What could be more appropriate on July 4th than to review a restaurant which does its best to bring the taste sensation of the rest of the country to New York City, Virgil’s BBQ on East 44th? Fortuitously, since I’m spending a few days here in NYC, I can bring my Texas BBQ judging skills to bear on Virgil’s and see if it lives up to its reputation.
The atmosphere in Virgil’s isn’t bad. They’ve got the basic look of a relatively unassuming barbeque joint down pretty well, with a lot of rough wood and idiotic pictures and bric-a-brac on the walls. But there are some refinements which are jarring right off to those of us from real barbeque country. One issue is that the barbeque is served on actual ceramic plates, a sissification which I guess I can live with, though I’ll always prefer brown paper. What is a bit more troubling is that the pits are nowhere to be seen. Serious BBQ gets served right off the pit, and you ought to be able to see the smoker and feel the fire when they bring the meat out. Not having that element of direct exposure to the cooking process is a real let down, not to mention that it means that the dining area isn’t full of savory smoke and the smell of roasting meat.
The menu and presentation are intriguing. The placemats have a rusticated map of the country showing BBQ joints they approve of, including a number in Texas. The good sign is that they include Kreuz Market, which is arguably the best BBQ in the world. The bad sign is that they think Southside Market in Elgin is even vaguely in the same league, which it certainly isn’t. On the menu they offer a wide variety of meats, cooked in the styles of different regions, including Memphis Pork Ribs, Owensboro Lamb, Smoked Maryland Ham, Sliced Texas Briskit, Texas Link Sausage and Pulled Carolina Pork. In addition to straight meats they offer a selection of sides, salads, appetizers and sandwiches, which is nice – but barbeque is all about the meat, not the other stuff.
For the most part the meats are pretty good. We took them as served. Some came with sauces and some didn’t. I’d rather have had all the sauces on the side, but I wanted to see what they did with them. The meats are treated with a very nice, very spicy rub during cooking. It leaves a good, gritty and very flavorful residue. Virgil’s basic sauce, which was served on the Texas Briskit was a bit sweet, but basically quite good – sort of similar to Stubbs sauce, which isn’t a bad way to go. The ‘Kentucky Style Worcestershire/Mustard’ sauce on the Owensboro Lamb was possibly the most disgusting thing I’ve ever put in my mouth, however. We didn’t try the ham, but we did sample all the other meats. The beef briskit was really outstanding, on a par with the best I’ve had in any restaurant, and almost as good as top competitors I’ve tasted at cook-offs. The Carolina Pulled Pork was exceptionally tasty. They resisted the temptation to drown it in sauce and the flavor really came through. The pork ribs also had excellent flavor, though they were a bit dry.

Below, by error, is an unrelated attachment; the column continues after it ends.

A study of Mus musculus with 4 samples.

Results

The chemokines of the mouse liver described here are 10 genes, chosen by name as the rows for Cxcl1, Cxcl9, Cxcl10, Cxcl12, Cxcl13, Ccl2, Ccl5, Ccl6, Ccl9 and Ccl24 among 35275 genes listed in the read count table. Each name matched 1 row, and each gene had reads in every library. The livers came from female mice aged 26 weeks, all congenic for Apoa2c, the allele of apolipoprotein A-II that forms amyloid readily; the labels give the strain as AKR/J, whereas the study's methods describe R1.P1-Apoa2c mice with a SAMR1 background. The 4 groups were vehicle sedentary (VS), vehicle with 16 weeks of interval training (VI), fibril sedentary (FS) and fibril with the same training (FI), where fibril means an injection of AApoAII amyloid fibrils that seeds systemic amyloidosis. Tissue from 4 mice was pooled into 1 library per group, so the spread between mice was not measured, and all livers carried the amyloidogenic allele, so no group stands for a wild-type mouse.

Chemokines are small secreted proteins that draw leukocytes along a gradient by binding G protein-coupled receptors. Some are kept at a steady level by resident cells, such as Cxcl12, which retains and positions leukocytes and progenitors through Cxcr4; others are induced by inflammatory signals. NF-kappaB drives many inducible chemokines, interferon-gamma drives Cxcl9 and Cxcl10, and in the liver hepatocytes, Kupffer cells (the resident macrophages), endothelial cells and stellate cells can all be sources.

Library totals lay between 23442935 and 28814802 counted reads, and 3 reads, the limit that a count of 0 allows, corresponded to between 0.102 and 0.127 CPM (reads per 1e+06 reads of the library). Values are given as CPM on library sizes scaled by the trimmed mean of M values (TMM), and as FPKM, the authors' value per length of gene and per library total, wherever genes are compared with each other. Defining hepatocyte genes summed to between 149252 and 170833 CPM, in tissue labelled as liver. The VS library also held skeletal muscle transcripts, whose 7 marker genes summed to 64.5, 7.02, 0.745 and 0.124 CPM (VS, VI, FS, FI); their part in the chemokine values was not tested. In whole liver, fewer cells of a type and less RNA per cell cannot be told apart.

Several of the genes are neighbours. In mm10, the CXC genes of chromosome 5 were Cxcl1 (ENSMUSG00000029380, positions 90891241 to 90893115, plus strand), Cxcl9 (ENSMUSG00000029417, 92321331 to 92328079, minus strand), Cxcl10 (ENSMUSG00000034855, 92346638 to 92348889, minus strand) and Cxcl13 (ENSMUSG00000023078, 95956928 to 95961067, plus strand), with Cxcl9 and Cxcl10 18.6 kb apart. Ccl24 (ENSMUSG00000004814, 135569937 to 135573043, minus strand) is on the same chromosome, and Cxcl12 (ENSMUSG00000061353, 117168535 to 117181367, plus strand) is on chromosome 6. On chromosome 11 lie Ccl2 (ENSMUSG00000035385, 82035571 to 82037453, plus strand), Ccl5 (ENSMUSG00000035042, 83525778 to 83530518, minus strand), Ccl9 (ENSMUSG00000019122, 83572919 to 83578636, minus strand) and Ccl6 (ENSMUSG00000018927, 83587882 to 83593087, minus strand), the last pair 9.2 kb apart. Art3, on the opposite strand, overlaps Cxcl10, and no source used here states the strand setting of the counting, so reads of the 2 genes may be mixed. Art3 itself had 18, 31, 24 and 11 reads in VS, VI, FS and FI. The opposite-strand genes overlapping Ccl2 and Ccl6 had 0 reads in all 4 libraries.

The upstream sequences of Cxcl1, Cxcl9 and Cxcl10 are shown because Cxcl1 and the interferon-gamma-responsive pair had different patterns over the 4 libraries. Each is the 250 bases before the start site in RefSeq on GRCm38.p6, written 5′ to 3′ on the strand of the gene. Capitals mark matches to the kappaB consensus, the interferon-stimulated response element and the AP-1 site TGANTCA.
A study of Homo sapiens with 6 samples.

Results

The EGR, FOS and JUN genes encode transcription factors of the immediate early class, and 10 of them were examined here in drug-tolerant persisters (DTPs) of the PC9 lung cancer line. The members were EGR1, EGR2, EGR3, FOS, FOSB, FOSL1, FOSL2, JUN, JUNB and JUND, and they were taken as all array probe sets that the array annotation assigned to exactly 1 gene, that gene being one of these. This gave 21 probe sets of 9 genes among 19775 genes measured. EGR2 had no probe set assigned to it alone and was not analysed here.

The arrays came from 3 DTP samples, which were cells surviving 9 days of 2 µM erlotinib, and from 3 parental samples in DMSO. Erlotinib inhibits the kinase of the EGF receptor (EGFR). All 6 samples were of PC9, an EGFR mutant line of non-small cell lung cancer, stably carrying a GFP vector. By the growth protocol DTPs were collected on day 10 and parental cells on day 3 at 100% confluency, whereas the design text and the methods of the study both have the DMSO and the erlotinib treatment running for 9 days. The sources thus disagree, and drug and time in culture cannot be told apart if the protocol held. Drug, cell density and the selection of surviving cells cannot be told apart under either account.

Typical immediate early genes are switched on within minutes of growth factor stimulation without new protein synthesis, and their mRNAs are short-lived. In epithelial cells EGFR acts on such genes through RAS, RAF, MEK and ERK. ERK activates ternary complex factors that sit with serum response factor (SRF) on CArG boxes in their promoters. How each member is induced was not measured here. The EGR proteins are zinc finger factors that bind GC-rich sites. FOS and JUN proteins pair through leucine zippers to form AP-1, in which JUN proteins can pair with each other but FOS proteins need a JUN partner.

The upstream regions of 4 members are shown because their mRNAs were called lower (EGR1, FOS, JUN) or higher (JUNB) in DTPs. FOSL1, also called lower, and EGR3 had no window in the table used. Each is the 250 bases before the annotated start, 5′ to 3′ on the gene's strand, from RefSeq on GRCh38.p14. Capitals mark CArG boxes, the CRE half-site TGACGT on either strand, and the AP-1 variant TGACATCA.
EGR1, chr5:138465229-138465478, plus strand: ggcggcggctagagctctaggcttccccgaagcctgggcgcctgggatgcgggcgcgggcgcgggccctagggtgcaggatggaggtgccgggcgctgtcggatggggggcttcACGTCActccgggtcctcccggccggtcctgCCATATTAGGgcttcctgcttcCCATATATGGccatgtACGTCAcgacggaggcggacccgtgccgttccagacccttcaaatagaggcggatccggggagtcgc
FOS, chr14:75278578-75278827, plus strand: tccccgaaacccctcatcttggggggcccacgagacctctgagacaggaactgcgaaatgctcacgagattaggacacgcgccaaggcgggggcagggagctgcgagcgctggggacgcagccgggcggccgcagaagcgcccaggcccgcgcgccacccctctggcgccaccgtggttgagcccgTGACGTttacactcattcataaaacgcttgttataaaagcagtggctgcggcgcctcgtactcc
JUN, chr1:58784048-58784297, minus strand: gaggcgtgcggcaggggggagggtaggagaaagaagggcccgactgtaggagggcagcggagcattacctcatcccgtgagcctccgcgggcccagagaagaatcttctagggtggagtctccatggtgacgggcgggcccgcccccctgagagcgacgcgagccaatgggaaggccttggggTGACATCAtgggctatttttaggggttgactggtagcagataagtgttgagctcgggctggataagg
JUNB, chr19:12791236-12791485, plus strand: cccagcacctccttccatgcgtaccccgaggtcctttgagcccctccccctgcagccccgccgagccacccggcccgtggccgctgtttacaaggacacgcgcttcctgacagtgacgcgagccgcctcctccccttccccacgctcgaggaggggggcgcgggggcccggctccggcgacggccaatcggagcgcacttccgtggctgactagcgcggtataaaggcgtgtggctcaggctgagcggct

The chicken was less good – somehow managing to be overcooked, flavorless and greasy all at the same time. Several of us also harbored a suspicion that it was a bit off. The Owensboro Lamb was really unappealing. It was a lean cut of lamb, more braised than barbequed – it still had some pinkness to it. And while it was tender, it had almost no flavor except for the horrific flavor from the inconceivably disgusting sauce on it. Remind me never, ever to eat BBQ in Kentucky.
Finally, the Texas Link Sausage was a bit of a mystery. I put our flustered waiter on the spot by asking him what specific kind of Texas sausage it was supposed to be, and he had no idea that there were different types identifiable by the city they come from. When we got it we discovered that it was none of those types, but something different and original and sort of good. It combined the black pepper flavor of Lockhart sausage with the consistency of an Elgin sausage and the red pepper of a Chorizo. The result wasn’t bad at all, though my wife found it overly spicy. It might not have been genuine Texas sausage, but it tasted good enough nonetheless.
On the whole, Virgil’s meats were pretty good. Certainly better than most BBQ restaurants which can usually only manage one or two really good meats. Virgil’s has two which are excellent (briskit and pulled pork) and two which are at least good (ribs and sausage) and that’s well above par. Just avoid the chicken and the lamb and you’ll do okay. If they’re looking for suggestions I’d urge them to scrap the Owensboro take on Lamb and look to the deep south for BBQed breast of mutton. If they can do that right they’ll have another winner.
As a final note I have to touch on a couple of their side dishes. They offered two that struck me as particularly interesting and awfully tasty. One was the Georgia style Pecan Rice, which was a nice variation on the idea of Dirty Rice, but with roasted pecans included. The other was their hush puppies. They’re something I don’t usually associate with barbeque, but they were very good. They also weren’t the familiar round and generally hard and overcooked variety, but tender finger-like fritters of fried cornmeal with a bit of scallion in them. Really very nice. Reminscent of the ones at the legendary Stagecoach Inn in Georgetown, Texas.
On the whole, despite the New York style prices – about triple what we’d pay down home – Virgil’s offers some very genuine BBQ with more hits than misses, a result much better than I’d have expected to find in the heart of New York City.